That policy decision, though, ran into a difficult reality: there simply were not enough qualified principals-in-waiting to take over. Many school superintendents also complained that replacing principals could throw their schools into even more turmoil, hindering nascent turnaround efforts.
And, guess what? They have to slow down the machine, allowing principals in place to stay on for three years instead of two.
Although the program created an expectation that most schools would get new leadership, new data from eight large states show that many principals’ offices in failing schools still bear the same nameplates. About 44 percent of schools receiving federal turnaround money in these states still have the same principals who were leading them last year.
This is my favorite quote:
“If we’re talking about turning around 700 schools, I don’t think you can find 700 principals who are capable of taking on the challenge of this work,” Mr. Little said. “If you could, why would we have this many failing schools?”
Note: Rep. Reuven Carlyle, who cares deeply about education but sometimes gets it wrong , has put forth a bill about principals.
The bill is HB 1593 - " Establishing a residency provisional principal certification" (for 3 years)
Encourages highly capable individuals with qualities of leadership to become principals through field-based, rigorous, but flexible preparation programs offered in close collaboration with school districts.
Encourages school districts to provide principals with increased decision-making authority, including personnel decisions and allocation of financial resources.
Holds principals accountable to demonstrate the qualities essential to lead a school.
Requires the professional educator standards board to:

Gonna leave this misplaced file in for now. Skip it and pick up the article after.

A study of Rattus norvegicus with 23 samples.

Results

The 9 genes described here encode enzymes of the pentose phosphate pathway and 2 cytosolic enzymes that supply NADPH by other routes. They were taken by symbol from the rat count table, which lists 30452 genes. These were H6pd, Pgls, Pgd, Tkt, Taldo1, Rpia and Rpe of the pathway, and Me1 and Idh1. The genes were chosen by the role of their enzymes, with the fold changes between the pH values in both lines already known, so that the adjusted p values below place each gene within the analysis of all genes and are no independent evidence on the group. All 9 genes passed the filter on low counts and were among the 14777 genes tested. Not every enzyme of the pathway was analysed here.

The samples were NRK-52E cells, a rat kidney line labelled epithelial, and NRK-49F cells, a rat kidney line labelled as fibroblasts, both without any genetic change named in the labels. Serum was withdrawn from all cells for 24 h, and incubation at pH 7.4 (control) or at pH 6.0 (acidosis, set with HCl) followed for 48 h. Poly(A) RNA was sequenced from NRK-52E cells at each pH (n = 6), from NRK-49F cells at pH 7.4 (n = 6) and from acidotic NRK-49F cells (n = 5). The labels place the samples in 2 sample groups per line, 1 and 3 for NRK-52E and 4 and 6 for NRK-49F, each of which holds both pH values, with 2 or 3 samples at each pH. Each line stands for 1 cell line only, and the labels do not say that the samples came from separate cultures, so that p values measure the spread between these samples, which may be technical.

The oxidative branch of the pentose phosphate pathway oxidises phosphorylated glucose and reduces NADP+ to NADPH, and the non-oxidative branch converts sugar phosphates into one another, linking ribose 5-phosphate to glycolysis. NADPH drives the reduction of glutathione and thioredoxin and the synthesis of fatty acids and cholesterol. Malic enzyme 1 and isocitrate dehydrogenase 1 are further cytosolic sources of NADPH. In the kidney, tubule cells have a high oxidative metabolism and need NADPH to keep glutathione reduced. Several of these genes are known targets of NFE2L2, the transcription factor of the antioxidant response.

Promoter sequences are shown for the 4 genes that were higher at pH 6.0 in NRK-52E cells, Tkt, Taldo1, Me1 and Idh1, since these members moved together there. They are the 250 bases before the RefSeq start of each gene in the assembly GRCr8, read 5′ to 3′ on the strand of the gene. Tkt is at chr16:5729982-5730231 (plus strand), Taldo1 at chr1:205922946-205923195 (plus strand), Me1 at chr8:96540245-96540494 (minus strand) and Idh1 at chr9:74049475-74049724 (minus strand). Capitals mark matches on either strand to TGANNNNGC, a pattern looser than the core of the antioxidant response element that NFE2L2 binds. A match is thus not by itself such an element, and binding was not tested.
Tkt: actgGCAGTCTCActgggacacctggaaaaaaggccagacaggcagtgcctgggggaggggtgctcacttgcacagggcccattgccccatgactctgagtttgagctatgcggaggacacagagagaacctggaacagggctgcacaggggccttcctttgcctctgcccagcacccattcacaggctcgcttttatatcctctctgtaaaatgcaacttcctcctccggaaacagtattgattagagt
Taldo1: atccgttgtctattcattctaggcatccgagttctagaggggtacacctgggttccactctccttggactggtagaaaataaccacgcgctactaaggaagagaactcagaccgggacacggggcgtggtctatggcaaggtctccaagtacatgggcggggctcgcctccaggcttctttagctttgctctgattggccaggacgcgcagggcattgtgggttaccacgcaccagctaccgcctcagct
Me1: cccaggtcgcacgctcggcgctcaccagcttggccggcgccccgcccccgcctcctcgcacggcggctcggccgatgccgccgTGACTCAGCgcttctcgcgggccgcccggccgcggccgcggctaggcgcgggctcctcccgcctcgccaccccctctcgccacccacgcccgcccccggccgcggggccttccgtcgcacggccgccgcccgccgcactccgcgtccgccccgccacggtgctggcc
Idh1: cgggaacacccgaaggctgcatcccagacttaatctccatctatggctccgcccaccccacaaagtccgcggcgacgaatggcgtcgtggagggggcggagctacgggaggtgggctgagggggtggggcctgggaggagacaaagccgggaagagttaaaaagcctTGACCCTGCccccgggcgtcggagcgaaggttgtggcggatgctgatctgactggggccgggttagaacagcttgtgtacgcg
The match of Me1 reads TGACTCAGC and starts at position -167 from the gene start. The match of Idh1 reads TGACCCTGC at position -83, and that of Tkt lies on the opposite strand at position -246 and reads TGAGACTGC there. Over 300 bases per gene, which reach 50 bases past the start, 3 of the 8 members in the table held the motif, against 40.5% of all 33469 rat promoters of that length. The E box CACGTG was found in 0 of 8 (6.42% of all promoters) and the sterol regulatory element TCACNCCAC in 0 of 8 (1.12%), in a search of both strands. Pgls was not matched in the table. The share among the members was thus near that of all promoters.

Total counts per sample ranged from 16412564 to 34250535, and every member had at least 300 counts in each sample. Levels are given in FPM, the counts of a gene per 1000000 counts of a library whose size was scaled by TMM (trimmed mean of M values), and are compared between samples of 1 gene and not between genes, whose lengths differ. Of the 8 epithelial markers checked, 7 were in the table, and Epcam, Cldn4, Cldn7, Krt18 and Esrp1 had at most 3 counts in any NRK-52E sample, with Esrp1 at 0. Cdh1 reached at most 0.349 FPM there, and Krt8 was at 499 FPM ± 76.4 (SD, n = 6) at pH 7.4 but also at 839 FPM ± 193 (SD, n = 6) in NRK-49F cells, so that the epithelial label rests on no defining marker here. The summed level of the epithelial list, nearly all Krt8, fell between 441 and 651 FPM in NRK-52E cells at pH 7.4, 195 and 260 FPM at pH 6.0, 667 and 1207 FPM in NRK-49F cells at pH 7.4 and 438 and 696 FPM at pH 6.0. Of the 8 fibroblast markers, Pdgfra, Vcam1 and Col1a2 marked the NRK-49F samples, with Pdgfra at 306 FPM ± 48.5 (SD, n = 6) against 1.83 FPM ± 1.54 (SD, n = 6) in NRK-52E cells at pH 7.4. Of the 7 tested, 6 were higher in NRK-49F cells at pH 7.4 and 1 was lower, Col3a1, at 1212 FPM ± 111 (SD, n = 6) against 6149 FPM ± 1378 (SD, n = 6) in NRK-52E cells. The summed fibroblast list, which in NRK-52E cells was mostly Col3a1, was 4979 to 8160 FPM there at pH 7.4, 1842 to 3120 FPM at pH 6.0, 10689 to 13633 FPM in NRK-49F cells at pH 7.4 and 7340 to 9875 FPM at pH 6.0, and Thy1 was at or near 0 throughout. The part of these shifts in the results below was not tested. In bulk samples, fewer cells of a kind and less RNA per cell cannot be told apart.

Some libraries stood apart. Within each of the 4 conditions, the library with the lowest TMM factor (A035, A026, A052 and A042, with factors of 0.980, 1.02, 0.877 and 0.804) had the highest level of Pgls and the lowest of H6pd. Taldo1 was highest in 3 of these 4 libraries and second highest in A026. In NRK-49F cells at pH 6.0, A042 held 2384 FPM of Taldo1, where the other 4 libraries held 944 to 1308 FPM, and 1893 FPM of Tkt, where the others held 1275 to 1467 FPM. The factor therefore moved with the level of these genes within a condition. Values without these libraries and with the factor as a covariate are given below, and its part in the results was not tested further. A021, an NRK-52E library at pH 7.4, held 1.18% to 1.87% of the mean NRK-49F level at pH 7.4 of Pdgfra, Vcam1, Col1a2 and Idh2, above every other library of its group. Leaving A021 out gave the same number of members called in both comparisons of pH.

(1) Establish a residency provisional principal certification;
(2) Adopt standards that define a scope and level of professional managerial and leadership experience for certification.
Apparently this is being done in conjunction with a group called the Washington State Professional Educator Standards Board. This is under the guise of "turnaround leadership". I'll have to give them a call on Monday.
Folks, raise your hand if you know what a principals number one role is at a school. The answer?
Be the instructional leader for the teaching corps.
Not be a manager. Not be a budgeting agent. Not be a disciplinarian. It's watching over the teaching corps and making sure they are supported and guided in their efforts.
I don't care what kind of leadership you have in business. That's great and bully for you but it does not mean you can effectively lead a school. If we are looking for better managers, this would be great. We are looking for better principals.
I'll have to ask both the SEA and PASS what they think of this legislation. I have to wonder if Rep. Carlyle thought of the union ramifications of this bill which could cause a huge firestorm especially since new teacher evaluations have become in vogue. How will these non-educator principals know what good teaching looks like and how much training will that take before they do?